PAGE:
In Catherine Corsini’s Summertime, feminist activism is the only way out of small-town complacency. It’s 1971, and a French country girl, Delphine (Izïa Higelin), leaves her parents’ farm to study in Paris, leaving behind the local girl who broke her heart. After a chance encounter with a group of rowdy women’s rights activists on a bus, Delphine is completely seduced by the world that presents itself before her, where banding together against the patriarchy feels like one never-ending party that includes sing-alongs, steamy sex, Janis Joplin records, and smoking weed in the woods. Delphine is also immediately seduced by Carole (Cécile de France), a leader of the movement who turns out to be married to a man. Little does it matter, though, as bodies unshackled from oppression are capable of anything, or so it seems.
Corsini depicts feminists in lighthearted ways, at once humorously caricatured and sensitively human. Their in-fighting, debates (about whether, for example, to focus on abortion or gay rights), and pepper-spraying of nurses to get a gay friend out of a “loony bin”—none of it feels like hard political work for them. Activism takes the form of an effortless social bonding never dissociated from actual bodies and pleasures. Here, the revolution is orgasmic.
Catherine Corsini depicts feminists in lighthearted ways, at once humorously caricatured and sensitively human.
Although its perennial state of fun finds its perfect backdrop in Paris, Summertime doesn’t become a multi-dimensional love story until Delphine moves back to the countryside after her father has a stroke and Carole follows her, at first pretending to be a friend from their pottery class. It’s when the characters move away from the city and their academic circle that the conflicts feel less pedagogical and theory becomes practice. Delphine and Carole finally become full-fledged people, not stock feminist characters we associate with the ’70s, once they’re surrounded by haystacks, cows, and country folk who only speak the language of continuation, not rupture.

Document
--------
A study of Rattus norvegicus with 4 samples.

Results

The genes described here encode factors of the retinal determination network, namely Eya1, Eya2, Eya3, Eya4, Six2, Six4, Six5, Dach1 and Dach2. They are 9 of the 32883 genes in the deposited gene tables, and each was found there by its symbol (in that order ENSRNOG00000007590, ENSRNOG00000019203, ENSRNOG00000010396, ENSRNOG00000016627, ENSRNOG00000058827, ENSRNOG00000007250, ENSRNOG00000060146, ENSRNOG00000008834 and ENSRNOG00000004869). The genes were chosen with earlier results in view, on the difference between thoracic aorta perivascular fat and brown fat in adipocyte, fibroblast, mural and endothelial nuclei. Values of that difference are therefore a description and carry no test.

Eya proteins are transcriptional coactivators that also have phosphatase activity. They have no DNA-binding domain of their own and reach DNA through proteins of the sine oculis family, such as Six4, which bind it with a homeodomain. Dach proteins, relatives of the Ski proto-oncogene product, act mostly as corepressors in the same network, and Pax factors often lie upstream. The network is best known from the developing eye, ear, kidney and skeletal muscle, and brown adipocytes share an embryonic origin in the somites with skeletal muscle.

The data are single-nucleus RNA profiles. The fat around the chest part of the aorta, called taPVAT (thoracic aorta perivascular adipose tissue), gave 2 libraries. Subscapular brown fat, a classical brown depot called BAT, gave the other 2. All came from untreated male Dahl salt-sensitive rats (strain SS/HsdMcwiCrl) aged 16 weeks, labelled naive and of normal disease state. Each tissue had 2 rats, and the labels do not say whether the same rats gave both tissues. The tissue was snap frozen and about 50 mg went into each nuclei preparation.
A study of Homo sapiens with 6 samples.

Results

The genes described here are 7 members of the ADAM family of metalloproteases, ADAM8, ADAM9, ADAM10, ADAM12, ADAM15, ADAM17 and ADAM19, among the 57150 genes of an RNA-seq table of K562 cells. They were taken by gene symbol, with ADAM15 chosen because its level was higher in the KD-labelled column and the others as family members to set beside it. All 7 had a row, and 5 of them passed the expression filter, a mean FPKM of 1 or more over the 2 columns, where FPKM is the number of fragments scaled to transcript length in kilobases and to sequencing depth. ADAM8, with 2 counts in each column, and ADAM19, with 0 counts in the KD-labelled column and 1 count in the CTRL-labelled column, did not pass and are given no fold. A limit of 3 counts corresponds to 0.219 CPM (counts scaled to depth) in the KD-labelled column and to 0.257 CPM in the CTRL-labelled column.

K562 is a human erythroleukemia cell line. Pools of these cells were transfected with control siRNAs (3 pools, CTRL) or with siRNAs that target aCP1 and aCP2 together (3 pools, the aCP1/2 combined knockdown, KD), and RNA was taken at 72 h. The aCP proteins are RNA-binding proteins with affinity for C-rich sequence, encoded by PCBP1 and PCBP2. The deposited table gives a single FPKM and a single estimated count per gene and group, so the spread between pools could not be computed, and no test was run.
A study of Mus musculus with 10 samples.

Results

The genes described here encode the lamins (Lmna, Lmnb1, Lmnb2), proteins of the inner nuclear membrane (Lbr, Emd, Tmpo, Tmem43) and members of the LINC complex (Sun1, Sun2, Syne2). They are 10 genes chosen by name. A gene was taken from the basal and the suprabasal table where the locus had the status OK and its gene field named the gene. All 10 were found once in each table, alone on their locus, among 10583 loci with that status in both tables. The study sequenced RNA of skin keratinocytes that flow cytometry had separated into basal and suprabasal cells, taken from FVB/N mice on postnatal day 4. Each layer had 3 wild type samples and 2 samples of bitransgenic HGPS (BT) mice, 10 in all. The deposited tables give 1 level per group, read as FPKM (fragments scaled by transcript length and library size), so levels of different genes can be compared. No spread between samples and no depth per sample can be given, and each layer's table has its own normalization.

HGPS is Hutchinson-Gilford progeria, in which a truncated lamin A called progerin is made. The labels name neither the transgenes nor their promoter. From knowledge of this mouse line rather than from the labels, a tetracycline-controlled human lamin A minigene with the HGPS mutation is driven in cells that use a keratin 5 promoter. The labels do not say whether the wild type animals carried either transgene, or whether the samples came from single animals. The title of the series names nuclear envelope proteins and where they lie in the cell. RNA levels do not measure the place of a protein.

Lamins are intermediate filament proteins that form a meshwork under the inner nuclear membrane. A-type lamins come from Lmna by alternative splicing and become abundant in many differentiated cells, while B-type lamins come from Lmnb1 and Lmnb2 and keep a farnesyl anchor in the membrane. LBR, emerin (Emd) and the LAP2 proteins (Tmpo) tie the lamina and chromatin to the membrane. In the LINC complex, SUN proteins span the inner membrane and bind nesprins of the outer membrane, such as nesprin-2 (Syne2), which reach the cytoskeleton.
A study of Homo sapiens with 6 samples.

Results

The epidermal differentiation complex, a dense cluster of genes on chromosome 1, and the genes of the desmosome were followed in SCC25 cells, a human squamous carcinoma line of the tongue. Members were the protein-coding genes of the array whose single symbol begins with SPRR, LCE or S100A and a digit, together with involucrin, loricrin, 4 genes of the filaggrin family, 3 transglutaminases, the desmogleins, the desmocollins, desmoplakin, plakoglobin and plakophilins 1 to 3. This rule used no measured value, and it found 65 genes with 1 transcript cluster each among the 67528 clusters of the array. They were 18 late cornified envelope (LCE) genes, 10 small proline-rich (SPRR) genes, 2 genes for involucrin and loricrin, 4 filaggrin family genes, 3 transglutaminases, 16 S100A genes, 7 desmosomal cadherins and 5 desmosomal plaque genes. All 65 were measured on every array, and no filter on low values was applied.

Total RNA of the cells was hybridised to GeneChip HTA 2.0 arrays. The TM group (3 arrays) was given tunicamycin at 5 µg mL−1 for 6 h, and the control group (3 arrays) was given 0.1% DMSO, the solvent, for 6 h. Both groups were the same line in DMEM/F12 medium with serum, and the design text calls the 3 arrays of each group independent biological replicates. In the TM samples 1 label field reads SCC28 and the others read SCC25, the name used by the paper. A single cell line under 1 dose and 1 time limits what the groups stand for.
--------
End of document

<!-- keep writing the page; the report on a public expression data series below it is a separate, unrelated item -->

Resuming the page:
What’s so uncanny about Summertime is the fact that Higelin so closely resembles Adèle Exarchopoulos, the star of Abdellatif Kechiche’s Blue Is the Warmest Color, another recent film about the dramatics of young lesbian love. The irrefutable similarities between the actresses makes Summertime feel like a prequel to Kechiche’s film, cleverly set 40 years before it in order to suggest that women are still fighting for the same rights that they were back when Pompidou was president. While this doubleness can exert a distracting, and even cheapening, effect on Corsini’s film, as one can’t help but see Exarchopoulos’s face in Higelin’s, it’s also its finest asset.
As a sort of retrospective do-over of Keniche’s epic of lesbian ecstasy followed by lesbian sorrow, Summertime works as a humbler tale where sex is organic, not staged, and naked bodies are immune to the fetishizing gaze of the viewer or the director. The result of this tension between cinematic doubles and feminist bodies undone by erotism is a lukewarm space where we’re neither sad with the characters nor excited with them. This might be the film’s most feminist accomplishment: leaving the viewer at arm’s length from the women on screen, unable to pity them or seize them, simply witnessing them writing their own lives on top of pre-determined scripts.